As part of the UK Government’s emergency legislation measures to tackle the coronavirus pandemic, a significant change was made to Statutory Sick Pay (SSP), effective from 13 March 2020. If someone was unable to work due to coronavirus and they were eligible for SSP, they received SSP from day one, rather than from the usual fourth day.
Statutory Sick Pay provision
This provision applies where someone is self-isolating for a number of reasons and is unable to work because, for instance, they have symptoms of coronavirus or have tested positive for it or someone in their household has.
The current rate of SSP is £95.85 a week.
In an important development, the Welsh Government has introduced a COVID-19 Statutory Sick Pay enhancement scheme to support care workers who are required to stay off work due to actual or suspected COVID-19 or because they have to self-isolate. The scheme runs from 1 November 2020 until 31 March 2021.
The purpose of the scheme is to support care workers who only receive statutory SSP or who are not eligible for SSP.
The scheme provides funding which enables employers to pay eligible workers at full pay if they cannot work due to COVID-19. In essence, the employer pays the employee their full salary and informs the local authority and provides details of the employee’s NI number, pay, absence dates and category of absence. The local authority will then reimburse the employer through monthly payments, or more frequently if required. The value of the enhancement payment is the difference between the value of SSP and the employee’s usual full pay.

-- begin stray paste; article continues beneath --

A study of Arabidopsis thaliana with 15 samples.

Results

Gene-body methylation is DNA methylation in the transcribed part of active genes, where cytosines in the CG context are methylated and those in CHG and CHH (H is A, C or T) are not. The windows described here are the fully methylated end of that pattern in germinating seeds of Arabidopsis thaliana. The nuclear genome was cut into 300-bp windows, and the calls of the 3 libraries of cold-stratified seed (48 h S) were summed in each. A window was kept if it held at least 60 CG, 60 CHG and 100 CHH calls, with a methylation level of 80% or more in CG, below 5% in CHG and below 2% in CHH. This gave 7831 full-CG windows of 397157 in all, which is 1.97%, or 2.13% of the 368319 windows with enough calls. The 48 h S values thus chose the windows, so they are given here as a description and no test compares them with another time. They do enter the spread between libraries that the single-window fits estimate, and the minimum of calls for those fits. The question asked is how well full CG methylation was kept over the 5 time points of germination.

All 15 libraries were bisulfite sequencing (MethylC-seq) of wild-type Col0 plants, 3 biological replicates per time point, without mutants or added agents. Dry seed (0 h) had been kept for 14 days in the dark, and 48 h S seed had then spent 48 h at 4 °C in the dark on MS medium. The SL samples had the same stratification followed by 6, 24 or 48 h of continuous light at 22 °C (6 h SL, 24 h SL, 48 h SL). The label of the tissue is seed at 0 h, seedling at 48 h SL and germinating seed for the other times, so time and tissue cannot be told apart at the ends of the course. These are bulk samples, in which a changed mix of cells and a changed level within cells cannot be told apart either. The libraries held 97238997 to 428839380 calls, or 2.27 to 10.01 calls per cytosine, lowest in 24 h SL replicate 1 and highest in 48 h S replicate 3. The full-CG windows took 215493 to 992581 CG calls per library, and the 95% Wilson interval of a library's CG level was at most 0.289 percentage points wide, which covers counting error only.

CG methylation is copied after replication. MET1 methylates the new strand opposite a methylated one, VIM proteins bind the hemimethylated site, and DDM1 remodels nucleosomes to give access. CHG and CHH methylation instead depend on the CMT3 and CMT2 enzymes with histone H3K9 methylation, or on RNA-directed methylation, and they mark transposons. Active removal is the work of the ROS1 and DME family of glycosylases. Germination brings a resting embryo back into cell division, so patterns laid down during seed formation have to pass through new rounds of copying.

Employees are not eligible for the scheme if they already receive full pay when taking time off for sickness absence. The Guidance refers to other scenarios when the SSP enhancement will not be paid.
Regarding eligibility, this covers the role carried out by the individual, the type of employment and the reasons for the absence. Looking specifically at role eligibility, under the scheme the individual must be:
- An employee of a registered care home (including children’s homes)
- An employee of a domiciliary care service
- An agency care worker or agency nurse (when undertaking work booked by a registered care home or domiciliary care service)
- Bank or pool staff when booked to undertake a series of shifts
- Contracted staff providing daily input into care homes and having substantial contact with residents (for example catering staff)
- A personal assistant paid through direct payments
The Guidance includes a comprehensive section with details relating to eligible and non-eligible staff roles (together with examples) and this needs to be considered carefully. The Guidance also includes a helpful section about the process to be followed under the scheme and what action employers should be taking now.